The largest brewer in the world, Anheuser-Busch InBev (BUD), announced on June 29 that it agreed to purchase the remaining 50% of Grupo Modelo for a whopping $20.1 billion. BUD said it would pay $9.15 for each share of Grupo Modelo, a 30% premium to Grupo Modelo's closing share price on June 22. BUD indicated that it took on another $14 billion of debt to fund the all cash transaction, and gives the deal a greater exposure to the steadily growing Mexican beer market, which has been averaging approximately 3% growth per year. Additionally, management indicated the deal could save up to $600 million per year. Two Modelo board members had committed to invest $1.5 billion of their proceeds in AB InBev shares to be delivered within five years. The two would also join AB InBev's board.
This is the latest step in the consolidation craze that is ripping through the brewing industry. Almost four years ago (July 12, 2008) Anheuser-Busch was purchased by Belgian brewer InBev, and began a wave of mergers and acquisitions in the brewing industry. SABMiller had been the largest brewer prior to the Anheuser-Busch/InBev combination. Total volumes increased 1.8% during the first quarter, and the expectation is for a strong second quarter, especially in Europe, due to Budweiser's co-sponsorship of the UEFA European Soccer Championship. During the first quarter, global Budweiser volumes jumped 7.3% thanks to growing sales in China, Canada, Russia, and the U.K.
As part of the deal, Constellation Brands (STZ), purchased the remaining 50% of a joint venture it had with Modelo to import and distribute beers, including Corona in the United States. The move was designed to prevent the Department of Justice from bringing up antitrust issues As a result of the combination, BUD would then have a higher market share than 50% and that would definitely attract the DOJ's interest.
During the first quarter of 2012, BUD incurred almost $660 million of finance charges, and now with another $14 billion of debt on the balance sheet that cost is only going to increase. It is a hefty price to pay for Modelo, but I think it is will be well worth it. Volumes in the United States grew by 1.3% during the first quarter, due in part to the launch of Bud Light Platinum. The ownership of Corona, one of the highest volume imports in the United States, will only help to strengthen BUD's position in the US market. More importantly, it adds other premium beers to BUD's lineup, which will help improve the Company's margins.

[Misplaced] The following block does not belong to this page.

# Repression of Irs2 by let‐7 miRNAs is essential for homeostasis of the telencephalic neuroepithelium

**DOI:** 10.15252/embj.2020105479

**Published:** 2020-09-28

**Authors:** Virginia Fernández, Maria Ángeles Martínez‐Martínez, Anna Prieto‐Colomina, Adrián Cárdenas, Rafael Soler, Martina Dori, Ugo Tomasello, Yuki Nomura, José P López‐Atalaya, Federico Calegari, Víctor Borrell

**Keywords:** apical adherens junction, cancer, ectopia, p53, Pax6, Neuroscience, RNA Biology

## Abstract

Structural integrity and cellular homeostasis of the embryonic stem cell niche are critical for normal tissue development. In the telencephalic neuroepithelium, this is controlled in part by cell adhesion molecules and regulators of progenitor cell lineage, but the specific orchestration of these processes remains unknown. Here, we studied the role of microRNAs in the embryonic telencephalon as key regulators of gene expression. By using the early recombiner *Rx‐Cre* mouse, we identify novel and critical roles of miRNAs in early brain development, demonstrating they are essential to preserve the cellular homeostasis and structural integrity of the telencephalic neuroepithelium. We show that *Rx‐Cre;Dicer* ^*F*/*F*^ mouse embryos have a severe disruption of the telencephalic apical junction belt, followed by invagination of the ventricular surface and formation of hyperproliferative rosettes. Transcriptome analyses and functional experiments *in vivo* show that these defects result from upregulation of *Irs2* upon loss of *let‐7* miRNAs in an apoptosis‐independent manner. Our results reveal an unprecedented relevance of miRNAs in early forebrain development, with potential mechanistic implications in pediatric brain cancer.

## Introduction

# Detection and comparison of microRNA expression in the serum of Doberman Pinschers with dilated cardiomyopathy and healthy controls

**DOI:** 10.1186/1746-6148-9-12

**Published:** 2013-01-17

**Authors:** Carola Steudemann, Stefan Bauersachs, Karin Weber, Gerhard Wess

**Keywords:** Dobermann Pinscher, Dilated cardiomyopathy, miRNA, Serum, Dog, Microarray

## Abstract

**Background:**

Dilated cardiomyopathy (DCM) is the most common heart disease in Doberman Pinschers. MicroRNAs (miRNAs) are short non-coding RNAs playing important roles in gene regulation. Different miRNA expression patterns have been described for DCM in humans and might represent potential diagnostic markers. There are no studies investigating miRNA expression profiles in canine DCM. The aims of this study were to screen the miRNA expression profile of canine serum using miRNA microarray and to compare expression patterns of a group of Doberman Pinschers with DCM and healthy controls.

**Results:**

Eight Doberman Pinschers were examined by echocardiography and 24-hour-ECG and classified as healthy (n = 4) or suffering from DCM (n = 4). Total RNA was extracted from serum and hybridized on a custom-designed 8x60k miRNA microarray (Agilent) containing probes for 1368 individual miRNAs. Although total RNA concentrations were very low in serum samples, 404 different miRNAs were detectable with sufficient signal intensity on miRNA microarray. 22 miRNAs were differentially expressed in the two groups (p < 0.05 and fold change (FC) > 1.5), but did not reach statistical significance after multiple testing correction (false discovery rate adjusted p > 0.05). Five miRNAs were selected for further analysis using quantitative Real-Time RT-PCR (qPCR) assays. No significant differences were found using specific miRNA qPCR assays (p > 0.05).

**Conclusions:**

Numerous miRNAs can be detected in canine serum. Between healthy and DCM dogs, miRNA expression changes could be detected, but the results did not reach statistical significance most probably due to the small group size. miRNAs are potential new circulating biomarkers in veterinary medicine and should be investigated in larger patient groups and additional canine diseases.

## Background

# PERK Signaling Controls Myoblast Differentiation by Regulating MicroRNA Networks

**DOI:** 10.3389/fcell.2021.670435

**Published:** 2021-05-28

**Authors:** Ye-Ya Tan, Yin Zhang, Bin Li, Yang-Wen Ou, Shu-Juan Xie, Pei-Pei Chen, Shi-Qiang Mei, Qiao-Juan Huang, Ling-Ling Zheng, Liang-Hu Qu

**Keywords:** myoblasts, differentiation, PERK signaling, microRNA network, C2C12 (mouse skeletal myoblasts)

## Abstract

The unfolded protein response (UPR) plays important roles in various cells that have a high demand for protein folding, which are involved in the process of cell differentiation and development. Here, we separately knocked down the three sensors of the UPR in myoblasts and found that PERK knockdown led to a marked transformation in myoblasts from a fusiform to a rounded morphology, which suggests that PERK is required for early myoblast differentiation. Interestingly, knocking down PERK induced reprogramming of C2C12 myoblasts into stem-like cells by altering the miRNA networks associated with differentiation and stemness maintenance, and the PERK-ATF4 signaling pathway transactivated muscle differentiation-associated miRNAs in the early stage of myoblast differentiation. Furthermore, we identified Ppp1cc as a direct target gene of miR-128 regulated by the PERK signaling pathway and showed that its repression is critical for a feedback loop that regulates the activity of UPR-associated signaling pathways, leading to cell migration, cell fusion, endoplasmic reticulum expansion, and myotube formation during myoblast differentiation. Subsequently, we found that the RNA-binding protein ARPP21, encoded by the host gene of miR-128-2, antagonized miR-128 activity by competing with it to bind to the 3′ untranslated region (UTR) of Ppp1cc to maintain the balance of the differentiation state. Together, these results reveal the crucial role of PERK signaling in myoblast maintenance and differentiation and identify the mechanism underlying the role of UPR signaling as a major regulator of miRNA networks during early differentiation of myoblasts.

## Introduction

It was a heavy price to pay, but there have been rumors about this deal going all the way back to 2009. However, as an investor, is BUD now an attractive buying opportunity, or is it too pricey? The Company has beaten the Street's expectations in three of the past four quarters, with June 2011 quarter missing by a penny. Estimates for the current quarter have been steady at $1.11 for the past three months despite the weakness in Europe. The stock broke through resistance at $75.00 on the back of the merger news, its forward PE ratio is just 14, compared to the industry average of over 22, while BUD's trailing twelve month PE ratio is over 18 (below the industry average of 27). The stock is trading with a PEG ratio of just 1.27, while a competitor the Boston Beer Company (SAM) trades with a PEG ratio of 2.52. The lower the PEG ratio, the more undervalued the stock is. SAM has been my favorite in the brewing industry for a long time, but following today's announcement, and the lofty valuations of SAM, I think BUD looks like a better investment at this level. I still like shares of SAM, but feel there is more upside potential over the next 12 months in shares of BUD.